Engineering Designs For People With Autism
SARAH MCCAMMON, HOST:
In homes where a family member has autism, day-to-day tasks inside and outside the house can be challenging. And as Patrick Skahill of Connecticut Public Radio reports, one family is trying to solve some of those challenges by working with engineering students from the University of Connecticut who recently presented some of their ideas at a science fair.
PATRICK SKAHILL, BYLINE: Darlene Borre says every person with autism is unique.
DARLENE BORRE: My son is 18. He has severe autism, and he's non-verbal.
SKAHILL: Borre lives with her son, Ben. And she says for parents of children with severe autism, talking about the challenges of daily living can sometimes be hard.
BORRE: Because it's very vulnerable to discuss some of these topics. Our type of autism is messy. It's sometimes dangerous.
SKAHILL: Ben is over six feet tall and weighs 250 pounds. Borre says he can be impulsive around food. If he gets into the refrigerator unsupervised, he might break glass or put too much food into his mouth and choke. And child locks can't keep him safe.
BORRE: Right now, we have a titanium bike lock. So every time we open the refrigerator, we have to undo the bike lock. And so that - you can't imagine how time consuming that is, or maybe a younger member of our family will leave it open.
SKAHILL: Many families are living with someone identified as having autism spectrum disorder - according to the Centers for Disease Control and Prevention, about 1 in 59 children in the United States. Borre says the day-to-day challenges of caring for people with a spectrum of complicated needs can sometimes make families feel hopeless.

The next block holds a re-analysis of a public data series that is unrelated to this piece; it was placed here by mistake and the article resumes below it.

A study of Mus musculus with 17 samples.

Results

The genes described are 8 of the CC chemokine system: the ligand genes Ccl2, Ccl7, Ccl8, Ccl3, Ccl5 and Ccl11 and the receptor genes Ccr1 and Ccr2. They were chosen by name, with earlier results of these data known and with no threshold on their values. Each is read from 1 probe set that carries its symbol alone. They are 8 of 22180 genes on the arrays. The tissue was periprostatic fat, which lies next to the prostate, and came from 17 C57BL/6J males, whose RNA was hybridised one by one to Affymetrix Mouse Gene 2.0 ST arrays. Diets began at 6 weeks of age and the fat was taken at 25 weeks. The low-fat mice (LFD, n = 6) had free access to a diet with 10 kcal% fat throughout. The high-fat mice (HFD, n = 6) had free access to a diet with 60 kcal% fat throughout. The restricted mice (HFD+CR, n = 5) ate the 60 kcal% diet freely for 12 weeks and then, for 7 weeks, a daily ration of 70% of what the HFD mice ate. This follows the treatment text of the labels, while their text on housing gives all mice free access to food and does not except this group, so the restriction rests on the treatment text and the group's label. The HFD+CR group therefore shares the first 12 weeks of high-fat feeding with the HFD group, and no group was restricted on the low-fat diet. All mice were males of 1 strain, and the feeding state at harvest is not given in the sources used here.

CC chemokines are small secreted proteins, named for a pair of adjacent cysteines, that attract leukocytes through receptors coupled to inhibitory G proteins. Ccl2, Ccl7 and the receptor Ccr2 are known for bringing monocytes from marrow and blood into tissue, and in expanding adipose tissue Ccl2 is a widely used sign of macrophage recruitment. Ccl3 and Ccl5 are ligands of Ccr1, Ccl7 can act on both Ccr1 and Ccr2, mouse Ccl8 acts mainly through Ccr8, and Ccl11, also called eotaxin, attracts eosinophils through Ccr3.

But today, Borre is hopeful. She winds her way through a room packed with poster presentations. It's got a science fair feel - dozens of future engineers and computer scientists packed together, explaining designs for new products for people with autism. Freshman engineering majors Andrew Tureaud and Jackson Chard shared their team's thoughts on a better fridge lock with Borre.
ANDREW TUREAUD: And this would screw into the door of the refrigerator. And this would screw into the side. And so it'd be a spring-loaded dowel. And you'd just pull it out.
BORRE: So the dowel is something - what's going to prevent the person with autism from taking the dowel out?
JACKSON CHARD: The safety lock on the bottom. It would be keypad locked, so...
SKAHILL: The projects are a collaboration between UConn's Service Learning Program and the school of engineering. Dan Burkey, an associate dean at UConn, says the idea is to bring elegant engineering to underserved consumers.
DAN BURKEY: When you look at how products are designed and marketed - right? - very often they are not designed or marketed with certain, you know, vulnerable demographics in mind. They really are targeted towards what we would consider the average consumer.
SKAHILL: Also on display is an app which helps caregivers find family restrooms when they're traveling, and a shower and tub guard that would prevent bathroom overflows by connecting to a timer on an iPad. And while many of the projects are ideas, not full-blown prototypes, Burkey says the time is right for engineers to help serve niche markets.
BURKEY: Looking at, you know, what are the needs, and how can I bring my expertise and my creativity and my passion to bear on that?
SKAHILL: Darlene Borre says transforming those ideas into real solutions gives people like her son Ben more independence.
BORRE: And more choice and control. It's not about containing them. It's about understanding their experience and respecting that and making life easier for them. Sometimes all that takes is a design change.
SKAHILL: Harnessing technology to assist people, especially those, Borre says, who are most in need of help. For NPR News, I'm Patrick Skahill in Hartford.
NPR transcripts are created on a rush deadline by Verb8tm, Inc., an NPR contractor, and produced using a proprietary transcription process developed with NPR. This text may not be in its final form and may be updated or revised in the future. Accuracy and availability may vary. The authoritative record of NPR’s programming is the audio record.